15 janeiro 2020

excesso de informação

Researchers in China have investigated what we mean by “information overload” in the context of a social media application, WeChat. Their findings have implications for those who use and run such services as well as other researchers in the field and psychosocial practitioners.

Writing in the International Journal of Mobile Communications, the team reports how the amount of information received and the length of content correlates with user perceptions of information overload as one might expect. However, the number of subscriptions within the service that a user has was not a significant factor in this perception. However, the perception of information overload was associated with negative emotions and an increased (but ongoing) intention to discontinue usage. Negative emotions and this urge to disconnect from the service was higher with a higher level of experience.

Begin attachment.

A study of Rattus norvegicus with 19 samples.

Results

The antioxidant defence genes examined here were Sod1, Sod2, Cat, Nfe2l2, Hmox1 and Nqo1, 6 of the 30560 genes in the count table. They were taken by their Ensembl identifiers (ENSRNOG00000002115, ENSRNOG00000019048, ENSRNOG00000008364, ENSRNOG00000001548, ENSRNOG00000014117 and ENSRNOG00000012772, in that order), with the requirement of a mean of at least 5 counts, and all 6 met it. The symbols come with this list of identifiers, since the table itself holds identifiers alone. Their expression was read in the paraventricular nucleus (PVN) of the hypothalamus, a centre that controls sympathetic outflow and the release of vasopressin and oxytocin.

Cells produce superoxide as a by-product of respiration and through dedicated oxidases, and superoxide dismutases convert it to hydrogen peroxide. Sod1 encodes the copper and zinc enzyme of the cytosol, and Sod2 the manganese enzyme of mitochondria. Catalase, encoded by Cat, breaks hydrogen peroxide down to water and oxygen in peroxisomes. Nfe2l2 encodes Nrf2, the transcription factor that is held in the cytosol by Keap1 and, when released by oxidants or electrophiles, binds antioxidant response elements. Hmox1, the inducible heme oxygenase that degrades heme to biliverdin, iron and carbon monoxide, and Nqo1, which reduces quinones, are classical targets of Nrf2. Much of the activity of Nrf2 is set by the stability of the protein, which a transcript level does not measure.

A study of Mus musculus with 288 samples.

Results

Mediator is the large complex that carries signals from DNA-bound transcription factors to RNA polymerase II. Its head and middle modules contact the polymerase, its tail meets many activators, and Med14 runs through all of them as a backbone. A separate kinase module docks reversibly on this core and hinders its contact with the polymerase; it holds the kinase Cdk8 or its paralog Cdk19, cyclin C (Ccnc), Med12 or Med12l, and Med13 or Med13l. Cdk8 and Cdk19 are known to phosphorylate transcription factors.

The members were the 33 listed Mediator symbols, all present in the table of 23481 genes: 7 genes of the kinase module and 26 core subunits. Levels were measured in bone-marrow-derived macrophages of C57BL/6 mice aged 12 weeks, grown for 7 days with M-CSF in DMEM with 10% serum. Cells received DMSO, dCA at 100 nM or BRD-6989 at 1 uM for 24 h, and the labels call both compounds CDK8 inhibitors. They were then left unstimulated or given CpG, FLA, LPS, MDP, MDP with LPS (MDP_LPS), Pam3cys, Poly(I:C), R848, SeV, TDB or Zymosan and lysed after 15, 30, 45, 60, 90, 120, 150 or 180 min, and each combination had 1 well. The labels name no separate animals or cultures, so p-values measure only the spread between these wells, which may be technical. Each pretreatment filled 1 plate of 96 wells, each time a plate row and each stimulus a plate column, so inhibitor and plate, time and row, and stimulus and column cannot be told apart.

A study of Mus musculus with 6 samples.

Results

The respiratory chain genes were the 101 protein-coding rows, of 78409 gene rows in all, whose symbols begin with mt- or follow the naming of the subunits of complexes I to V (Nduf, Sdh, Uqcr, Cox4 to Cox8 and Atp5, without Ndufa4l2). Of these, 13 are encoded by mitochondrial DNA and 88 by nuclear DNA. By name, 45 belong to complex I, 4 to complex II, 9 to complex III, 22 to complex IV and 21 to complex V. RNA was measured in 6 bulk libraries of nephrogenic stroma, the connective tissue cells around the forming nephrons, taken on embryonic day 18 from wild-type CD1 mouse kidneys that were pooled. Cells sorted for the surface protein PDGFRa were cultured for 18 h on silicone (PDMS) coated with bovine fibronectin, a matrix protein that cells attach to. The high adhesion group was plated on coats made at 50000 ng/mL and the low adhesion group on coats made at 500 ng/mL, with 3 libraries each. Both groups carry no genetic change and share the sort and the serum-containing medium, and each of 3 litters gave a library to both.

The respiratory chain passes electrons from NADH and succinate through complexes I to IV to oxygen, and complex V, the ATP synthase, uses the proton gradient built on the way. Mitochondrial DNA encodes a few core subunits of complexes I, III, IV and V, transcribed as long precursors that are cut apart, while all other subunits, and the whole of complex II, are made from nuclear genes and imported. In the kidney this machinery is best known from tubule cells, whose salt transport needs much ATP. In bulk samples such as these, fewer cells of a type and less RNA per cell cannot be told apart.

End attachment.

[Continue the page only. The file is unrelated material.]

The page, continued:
Information overload has been defined as the point at which users of any given service receive so much information in a short space of time that they no longer have the capacity to process all of that information satisfactorily and this leads to stress or anxiety and diminished decision-making ability for those people.

“Living in a [so-called] digital society, we are bombarded with information whether or not we actively seek it,” the team writes. “We are all affected by the increasing number of sources from which information emanates.” They add that “Recognising the antecedents and consequences of information overload can help us to prevent it or at least deal with it.”

Zhang, X., Ma, L., Zhang, G. and Wang, G-S. (2020) ‘An integrated model of the antecedents and consequences of perceived information overload using WeChat as an example’, Int. J. Mobile Communications, Vol. 18, No. 1, pp.19–40.